Thursday, December 20, 2012

Lebkuchen Attempted

Some recipes are a matter of trial and error, and in the cafe business, looks are important. No one knows that better than an experimental baker like Stella. In preparation for holiday time, Stella likes to come up with a few new offerings at her cafe. She gets a great deal of satisfaction out of customers coming in, looking at the baked goods in the glass front case and saying, "That looks really good, can I try one of those?"

This year, Stella was hoping to have a brand new kind of soft baked cookie for her customers, a kind rarely seen outside of Germany or European specialty shops: Lebkucken. After spending several hours poring over the internet, she decided on a recipe from a German food site. She purchased the ingredients and spent an evening preparing a good-sized batch of the spicy iced cookies. She mixed up the dough and put the suggested three tablespoon mounds a few inches apart on parchment paper lined cookie sheets. It was the ugliest dough she'd ever seen. She likened it to something better left to the imagination, but it smelled good, so she kept up her faith in the process.

As the cookies baked she already knew they needed more of the special spice mixture, and she feared they would be bland. Texture wise, the cookies turned out textbook perfect, but they were still not very pretty. Next, she turned her attention to the boiled icing flavoured with orange liqueur, following the directions to the letter. 'Boil the sugar and water for a few minutes..." she muttered to herself as she stirred the mixture. What exactly was 'a few minutes'? Three? Seven? Nine? She decided to err on the side of caution and boil it for three. The icing was meant to be brushed on the cookies when warm, and she knew a nice, glossy icing could rescue the Lebkuchen more than anything. Better make it thin. When the mixture looked right, she took it off the heat and sifted the required amount of confectioners sugar into it. Within seconds the icing was more like fudge than icing. She spread it on the cookies as quickly as possible. The result? Quite possibly the ugliest cookies ever known. This would not do!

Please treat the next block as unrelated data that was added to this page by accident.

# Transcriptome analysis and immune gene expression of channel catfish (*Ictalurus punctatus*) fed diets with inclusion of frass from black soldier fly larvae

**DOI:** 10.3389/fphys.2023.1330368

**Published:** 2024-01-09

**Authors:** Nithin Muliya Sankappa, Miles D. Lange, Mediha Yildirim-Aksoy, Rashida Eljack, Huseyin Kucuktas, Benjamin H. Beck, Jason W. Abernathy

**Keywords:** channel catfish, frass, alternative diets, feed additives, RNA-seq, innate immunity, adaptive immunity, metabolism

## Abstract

In the end, the Lebkucken were very good with tea, when consumed by Stella and her girls, who declared them 'not bad'.
"Oh well, there is always next year, and plenty more recipes on the internet to try", she said to Kendra and Zoe. "But it's getting a bit late for this year."
For the cafe this year, instead of Lebkuchen, they decided to make extra gingerbread cookies, cut out in the shapes of Santas and snowmen, stars and candy canes. (The recipe for those can be found in the previous post.) They, at least, were always reliable.

The above photo is from the official Nuremburg Gingerbread site.  I have a feeling Stella won't rest until her Lebkuchen look just like theirs.


  1. Replies
    1. Oh, so you know the elusive, but worthwhile cookie, do you?
      I've only just discovered them.

  2. These are all over Europe nowadays thanks to Lidl. But the truly brilliant thing the Germans/Austrians have done is the dark chocolate covered marzipan. They had it in logs for Christmas, now they have it as eggs for Easter.

  3. We've had dark chocolate covered marzipan logs over here for ages. It is our friend Ralf, and our son Galen's favourite treat in the world. I like it, but in very small doses. It's so rich! I haven't seen it in Easter eggs yet, though...I'll keep my eyes peeled.